Not only are we very pleased to wish you a Happy Chinese New Year, we are also very excited to announce the launch of our Singapore office!
Brandcast Singapore has been established to service growing business demand for integrated digital media services in Singapore, Malaysia, Thailand, Indonesia, Hong Kong, China and the wider South Asian markets.
The office is going to be led by Charlie Grieve and Lauren Owens, our experienced local team of digital strategists, creatives, video specialists, producers, project managers, online marketeers and social media experts. This team will work in tandem with our fellow Brandcasters from their digital studios in the heart of London.
What does Year of the Snake mean?
2013 is the year of the black Snake and begins on February 10th. The Snake is the sixth sign of the Chinese Zodiac and represents wisdom, intelligence and self-control, yet also represents the ability to strike at will. Ancient Chinese wisdom says a Snake in the house is a good omen as your family will not go hungry.
Some Facts about Chinese New Year:
- The traditional Chinese New Year celebration lasts 15 days.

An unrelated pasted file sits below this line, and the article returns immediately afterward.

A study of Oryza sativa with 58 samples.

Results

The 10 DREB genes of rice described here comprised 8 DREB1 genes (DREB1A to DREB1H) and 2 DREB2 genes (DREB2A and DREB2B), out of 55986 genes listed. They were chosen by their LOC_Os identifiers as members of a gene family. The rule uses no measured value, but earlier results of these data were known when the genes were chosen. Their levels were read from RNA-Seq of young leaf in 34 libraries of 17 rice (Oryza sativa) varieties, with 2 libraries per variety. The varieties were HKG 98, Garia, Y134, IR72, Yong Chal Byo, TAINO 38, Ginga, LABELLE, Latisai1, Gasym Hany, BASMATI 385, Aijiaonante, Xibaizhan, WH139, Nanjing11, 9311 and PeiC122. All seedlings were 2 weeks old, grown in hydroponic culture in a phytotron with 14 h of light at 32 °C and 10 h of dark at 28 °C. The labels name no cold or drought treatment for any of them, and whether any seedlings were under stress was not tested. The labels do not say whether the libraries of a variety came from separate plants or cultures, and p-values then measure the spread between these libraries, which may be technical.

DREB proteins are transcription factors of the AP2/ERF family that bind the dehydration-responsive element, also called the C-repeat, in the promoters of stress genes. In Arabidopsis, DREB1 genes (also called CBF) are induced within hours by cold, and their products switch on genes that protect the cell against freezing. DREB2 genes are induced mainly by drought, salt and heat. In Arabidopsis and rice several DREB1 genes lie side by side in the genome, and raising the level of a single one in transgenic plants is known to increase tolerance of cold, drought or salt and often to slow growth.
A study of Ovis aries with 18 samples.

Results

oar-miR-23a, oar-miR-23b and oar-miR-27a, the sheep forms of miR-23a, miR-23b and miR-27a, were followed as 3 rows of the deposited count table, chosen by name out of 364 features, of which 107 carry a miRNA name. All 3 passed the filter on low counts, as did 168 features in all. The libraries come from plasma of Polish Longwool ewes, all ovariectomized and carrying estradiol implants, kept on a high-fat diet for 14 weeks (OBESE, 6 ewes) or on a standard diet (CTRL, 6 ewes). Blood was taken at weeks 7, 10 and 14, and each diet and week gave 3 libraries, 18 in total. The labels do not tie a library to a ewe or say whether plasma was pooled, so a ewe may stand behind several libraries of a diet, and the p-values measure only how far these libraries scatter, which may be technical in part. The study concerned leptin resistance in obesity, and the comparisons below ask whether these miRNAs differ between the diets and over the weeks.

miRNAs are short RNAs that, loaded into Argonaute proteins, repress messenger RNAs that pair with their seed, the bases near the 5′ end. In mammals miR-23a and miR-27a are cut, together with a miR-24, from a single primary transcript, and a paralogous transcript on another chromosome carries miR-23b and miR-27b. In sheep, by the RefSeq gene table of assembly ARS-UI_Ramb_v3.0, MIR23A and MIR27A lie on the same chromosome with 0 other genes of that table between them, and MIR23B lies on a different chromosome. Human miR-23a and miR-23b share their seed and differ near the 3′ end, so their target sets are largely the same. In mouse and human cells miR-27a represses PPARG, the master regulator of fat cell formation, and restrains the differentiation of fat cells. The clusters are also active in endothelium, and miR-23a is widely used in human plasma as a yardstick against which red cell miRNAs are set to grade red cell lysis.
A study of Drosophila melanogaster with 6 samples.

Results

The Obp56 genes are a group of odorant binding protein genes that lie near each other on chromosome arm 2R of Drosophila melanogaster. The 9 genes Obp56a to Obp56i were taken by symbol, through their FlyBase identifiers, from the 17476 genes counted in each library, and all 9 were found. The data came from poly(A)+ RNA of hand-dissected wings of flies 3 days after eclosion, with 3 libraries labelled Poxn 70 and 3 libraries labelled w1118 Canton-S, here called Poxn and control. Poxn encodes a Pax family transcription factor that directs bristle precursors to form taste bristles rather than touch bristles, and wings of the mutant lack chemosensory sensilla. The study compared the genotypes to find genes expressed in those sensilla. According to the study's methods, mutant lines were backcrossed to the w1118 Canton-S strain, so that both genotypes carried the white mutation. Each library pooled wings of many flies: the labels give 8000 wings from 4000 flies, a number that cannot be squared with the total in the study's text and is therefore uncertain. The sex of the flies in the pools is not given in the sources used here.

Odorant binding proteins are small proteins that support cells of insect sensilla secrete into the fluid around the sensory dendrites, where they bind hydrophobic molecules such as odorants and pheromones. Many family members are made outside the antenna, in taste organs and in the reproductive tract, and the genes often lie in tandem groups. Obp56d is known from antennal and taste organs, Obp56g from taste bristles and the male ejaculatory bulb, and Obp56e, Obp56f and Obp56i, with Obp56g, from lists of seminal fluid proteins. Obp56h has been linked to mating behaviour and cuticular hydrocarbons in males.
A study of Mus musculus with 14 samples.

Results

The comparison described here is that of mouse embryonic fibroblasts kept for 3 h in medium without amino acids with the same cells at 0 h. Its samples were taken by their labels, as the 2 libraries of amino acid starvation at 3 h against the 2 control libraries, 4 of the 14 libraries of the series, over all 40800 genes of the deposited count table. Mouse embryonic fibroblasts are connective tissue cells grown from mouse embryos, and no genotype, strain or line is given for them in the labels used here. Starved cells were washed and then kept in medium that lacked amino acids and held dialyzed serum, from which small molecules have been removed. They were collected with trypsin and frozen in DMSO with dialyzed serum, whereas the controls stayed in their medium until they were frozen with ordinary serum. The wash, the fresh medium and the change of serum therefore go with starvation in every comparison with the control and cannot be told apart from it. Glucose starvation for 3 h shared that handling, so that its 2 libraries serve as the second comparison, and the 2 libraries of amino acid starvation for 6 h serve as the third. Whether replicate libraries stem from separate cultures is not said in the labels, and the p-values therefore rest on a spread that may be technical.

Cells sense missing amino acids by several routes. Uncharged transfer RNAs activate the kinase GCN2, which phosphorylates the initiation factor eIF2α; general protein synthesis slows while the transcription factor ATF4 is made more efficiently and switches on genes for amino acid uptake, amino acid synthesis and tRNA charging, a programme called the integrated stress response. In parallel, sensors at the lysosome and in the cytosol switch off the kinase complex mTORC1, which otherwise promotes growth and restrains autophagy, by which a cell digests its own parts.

- 2013 is the year of the Snake. People born in the Year of the Snake are reputed to be thoughtful and wise and to approach problems rationally and logically, seldom instinctively.
- Everyone goes home for the Chinese New Year celebrations, if they can.
- Traditionally, it was believed that cleaning house for the New Year’s celebrations swept bad luck away and helped ensure good fortune in the year to come.
- Traditional foods include fish, which is served at the end of the New Year’s meal and symbolizes abundance, and a sticky fruitcake called Neen Gow or Nian Gow.
- Red decorations are everywhere because the colour red is considered to be the luckiest colour. Older family members use red envelopes to give gifts of money to their younger relatives.
- Shou Sui is the practice of staying up until midnight as a family to greet the New Year.
- During the Chinese New Year, people often greet each other with phrases to bring luck, such as “gōng xǐ fā cái” meaning “Congratulations and be prosperous.” When children are feeling cheeky they will respond with “gōng xǐ fā cái, hóng bāo ná lái” meaning “Congratulations and be prosperous, now give me a red envelope!”
From everyone at Brandcast “Kung Hei Fat Choi” (Happy New Year!)